Seward Collins

From Academic Kids

Seward Bishop Collins (April 22, 1899December 8, 1952) graduated from Princeton University and entered New York's literary life in 1926 as a bon vivant. He knew many literary giants of his day, had an affair with Dorothy Parker, and amassed a large collection of erotica. His bookstore, The American Review Bookshop, was at 231 West 58th Street in New York. It carried many journals, broadsheets, and newsletters that supported nationalist and fascist causes in Europe and Asia. In 1936, he married Dorothea Brande. A man of independent wealth, Collins published two literary journals: The Bookman (1927 - 1933) and The American Review (1933 - 1937).

By 1928 Collins was infatuated with the writings of prominent humanists of his day, including Paul Elmer More and Irving Babbitt. Politically, he moved from left-liberalism in the early 1920s to fascist by the end of that decade. In the American Review, he sought to develop an American form of fascism and praised Benito Mussolini and Adolf Hitler in an article titled "Monarch as Alternative," which appeared in the first issue in 1933. In that essay, Collins attacked both capitalism and communism and heralded the "New Monarch," who would champion the common good over and against the machinations of capitalists and communists. His praise of Hitler was grounded in his belief that Hitler's rise to power that year heralded the end of the communist threat, as is illustrated by this excerpt:

"One would gather from the fantastic lack of proportion of our press -- not to say its gullibility and sensationalism -- that the most important aspect of the German revolution was the hardships suffered by Jews under the new regime. Even if the absurd atrocity stories were all true, the fact would be almost negligible beside an event that shouts aloud in spite of the journalistic silence: the victory of Hitler signifies the end of the Communist threat, forever. Wherever Communism grows strong enough to make a Communist revolution a danger, it will be crushed by a Fascist revolution."

The American Review ran articles by many leading literary critics of the day, including the Southern Agrarians, who were happy to find a publisher for their anti-modern essays. Several of them came to regret their relationship with Collins, however, after his views became better known through a 1936 interview that he granted to Grace Lumpkin in the pro-communist periodical FIGHT against War and Fascism. Therein he stated: "I am a fascist. I admire Hitler and Mussolini very much. They have done great things for their countries." When Lumpkin objected to Hitler's persecution of the Jews, Collins replied: "It is not persecution. The Jews make trouble. It is necessary to segregate them." Allen Tate wrote a rebuttal of fascism for The New Republic in an effort to repair the Southern Agrarians' reputations. Nevertheless, Tate remained in contact with Collins and continued to publish in The American Review until it ceased publication in 1937.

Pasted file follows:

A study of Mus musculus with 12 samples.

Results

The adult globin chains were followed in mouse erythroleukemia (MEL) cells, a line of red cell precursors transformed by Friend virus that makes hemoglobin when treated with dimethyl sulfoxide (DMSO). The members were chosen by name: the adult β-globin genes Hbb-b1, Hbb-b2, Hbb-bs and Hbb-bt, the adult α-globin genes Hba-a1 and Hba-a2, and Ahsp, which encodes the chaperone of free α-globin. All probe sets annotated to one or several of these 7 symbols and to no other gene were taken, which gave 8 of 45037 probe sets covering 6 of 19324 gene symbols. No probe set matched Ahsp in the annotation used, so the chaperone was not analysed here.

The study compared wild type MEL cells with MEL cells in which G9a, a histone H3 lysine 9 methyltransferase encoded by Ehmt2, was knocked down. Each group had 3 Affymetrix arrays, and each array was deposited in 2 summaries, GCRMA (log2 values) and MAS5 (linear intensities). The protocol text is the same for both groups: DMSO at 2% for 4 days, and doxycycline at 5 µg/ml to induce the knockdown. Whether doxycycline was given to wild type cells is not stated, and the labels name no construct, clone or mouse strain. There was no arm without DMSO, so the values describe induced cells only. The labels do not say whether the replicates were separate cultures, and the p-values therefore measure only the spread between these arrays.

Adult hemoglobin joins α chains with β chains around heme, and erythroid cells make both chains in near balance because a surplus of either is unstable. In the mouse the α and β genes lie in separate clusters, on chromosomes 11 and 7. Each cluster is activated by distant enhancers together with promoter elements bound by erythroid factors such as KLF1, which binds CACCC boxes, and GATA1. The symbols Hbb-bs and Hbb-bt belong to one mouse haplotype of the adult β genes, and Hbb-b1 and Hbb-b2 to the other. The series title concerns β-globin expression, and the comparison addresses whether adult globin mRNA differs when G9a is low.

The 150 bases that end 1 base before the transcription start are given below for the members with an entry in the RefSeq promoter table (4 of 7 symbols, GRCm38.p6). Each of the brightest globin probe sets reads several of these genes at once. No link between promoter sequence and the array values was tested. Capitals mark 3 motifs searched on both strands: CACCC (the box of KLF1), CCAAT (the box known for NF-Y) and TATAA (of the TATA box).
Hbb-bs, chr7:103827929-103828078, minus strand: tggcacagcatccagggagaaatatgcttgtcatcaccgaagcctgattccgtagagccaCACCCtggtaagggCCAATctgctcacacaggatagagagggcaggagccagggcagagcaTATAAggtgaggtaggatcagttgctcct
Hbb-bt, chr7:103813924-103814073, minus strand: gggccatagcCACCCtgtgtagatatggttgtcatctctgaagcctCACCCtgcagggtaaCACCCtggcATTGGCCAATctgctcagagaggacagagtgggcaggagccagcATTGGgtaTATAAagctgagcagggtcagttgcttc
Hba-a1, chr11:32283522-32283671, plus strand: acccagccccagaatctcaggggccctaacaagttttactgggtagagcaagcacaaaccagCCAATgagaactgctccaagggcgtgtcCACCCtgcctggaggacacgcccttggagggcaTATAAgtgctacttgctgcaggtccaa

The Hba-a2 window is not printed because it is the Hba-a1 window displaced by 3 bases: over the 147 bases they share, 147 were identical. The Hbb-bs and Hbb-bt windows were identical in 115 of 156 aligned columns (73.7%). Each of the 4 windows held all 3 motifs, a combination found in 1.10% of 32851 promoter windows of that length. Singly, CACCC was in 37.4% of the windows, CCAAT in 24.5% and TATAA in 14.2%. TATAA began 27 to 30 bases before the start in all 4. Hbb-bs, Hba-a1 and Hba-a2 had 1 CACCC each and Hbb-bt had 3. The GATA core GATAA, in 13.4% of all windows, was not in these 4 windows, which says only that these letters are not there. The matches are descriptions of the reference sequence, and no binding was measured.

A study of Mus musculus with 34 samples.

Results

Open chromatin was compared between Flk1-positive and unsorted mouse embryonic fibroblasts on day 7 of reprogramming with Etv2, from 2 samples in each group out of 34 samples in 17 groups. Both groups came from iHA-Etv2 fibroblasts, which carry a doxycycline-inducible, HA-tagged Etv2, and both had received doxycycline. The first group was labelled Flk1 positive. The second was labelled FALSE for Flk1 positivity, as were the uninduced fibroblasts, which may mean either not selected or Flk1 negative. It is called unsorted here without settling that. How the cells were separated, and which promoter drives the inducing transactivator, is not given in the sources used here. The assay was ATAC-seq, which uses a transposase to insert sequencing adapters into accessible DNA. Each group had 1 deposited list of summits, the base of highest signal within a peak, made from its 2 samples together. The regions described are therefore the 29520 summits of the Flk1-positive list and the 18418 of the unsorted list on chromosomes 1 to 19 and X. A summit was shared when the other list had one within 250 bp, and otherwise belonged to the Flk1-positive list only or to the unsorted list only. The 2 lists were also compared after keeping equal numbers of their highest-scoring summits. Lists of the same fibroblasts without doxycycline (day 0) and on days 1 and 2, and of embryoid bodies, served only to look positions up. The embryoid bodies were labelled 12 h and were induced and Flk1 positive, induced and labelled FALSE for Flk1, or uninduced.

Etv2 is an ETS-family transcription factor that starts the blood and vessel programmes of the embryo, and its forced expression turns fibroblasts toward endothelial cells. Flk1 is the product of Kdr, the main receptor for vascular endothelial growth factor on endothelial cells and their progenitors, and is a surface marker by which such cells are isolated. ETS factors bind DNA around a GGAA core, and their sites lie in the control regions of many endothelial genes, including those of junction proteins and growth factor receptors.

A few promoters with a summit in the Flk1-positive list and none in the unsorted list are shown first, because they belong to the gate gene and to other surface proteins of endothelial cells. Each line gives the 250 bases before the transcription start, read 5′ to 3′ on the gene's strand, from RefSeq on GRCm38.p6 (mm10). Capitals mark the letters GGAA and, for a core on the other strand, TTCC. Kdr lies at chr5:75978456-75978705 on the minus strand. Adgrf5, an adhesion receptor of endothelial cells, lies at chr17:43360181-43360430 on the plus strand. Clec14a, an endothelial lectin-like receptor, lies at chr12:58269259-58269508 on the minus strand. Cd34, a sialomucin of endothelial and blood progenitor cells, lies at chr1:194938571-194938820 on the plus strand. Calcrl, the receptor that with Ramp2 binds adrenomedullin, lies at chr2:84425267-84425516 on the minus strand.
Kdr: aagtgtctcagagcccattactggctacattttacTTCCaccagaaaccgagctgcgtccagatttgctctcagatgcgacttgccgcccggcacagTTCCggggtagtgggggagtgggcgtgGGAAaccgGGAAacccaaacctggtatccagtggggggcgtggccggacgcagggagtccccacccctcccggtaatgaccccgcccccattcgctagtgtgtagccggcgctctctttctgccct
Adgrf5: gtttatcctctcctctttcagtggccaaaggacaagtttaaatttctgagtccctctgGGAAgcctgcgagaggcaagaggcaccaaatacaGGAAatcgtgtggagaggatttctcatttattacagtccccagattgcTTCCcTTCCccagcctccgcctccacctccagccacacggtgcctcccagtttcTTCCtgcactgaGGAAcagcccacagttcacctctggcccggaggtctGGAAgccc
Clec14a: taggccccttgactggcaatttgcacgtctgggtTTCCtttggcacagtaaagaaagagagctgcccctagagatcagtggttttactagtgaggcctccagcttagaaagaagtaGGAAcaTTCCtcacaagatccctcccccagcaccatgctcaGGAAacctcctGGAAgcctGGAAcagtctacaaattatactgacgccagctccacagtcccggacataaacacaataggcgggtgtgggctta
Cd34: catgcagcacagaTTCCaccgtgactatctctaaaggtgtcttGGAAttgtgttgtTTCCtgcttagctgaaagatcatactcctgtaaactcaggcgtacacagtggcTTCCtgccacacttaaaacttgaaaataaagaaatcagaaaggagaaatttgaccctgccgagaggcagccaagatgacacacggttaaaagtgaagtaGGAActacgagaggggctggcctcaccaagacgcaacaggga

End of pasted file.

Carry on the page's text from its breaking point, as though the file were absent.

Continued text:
In addition to featuring many essays by the Southern Agrarians and other critics of modernity, The American Review became the a vehicle for spreading the ideas associated with English Distributism, the supporters of which included G.K. Chesterton and Hilaire Belloc. Agrarians, Southern apologists, and distributists form part of the intellectual foundation for modern paleoconservatism, whose adherents view other forms of conservatism with suspicion.

Collins and his wife, who claimed to be a spiritual medium, were actively involved with psychic phenomena during the 1930s. Their circle of friends included W.H. Salter, Theodore Besterman, and Mrs. Henry Sidgwick, all of whom were affiliated with the Society for Psychical Research in London.

Today Collins is remembered primarily as a fascist editor and publisher who detested both capitalism and communism and counted many pre-War writers as his friends or colleagues. His essay "Monarch as Alternative," mentioned above, appears in Conservatism in America Since 1930, a collection of essays by conservative writers published by New York University Press in 2003.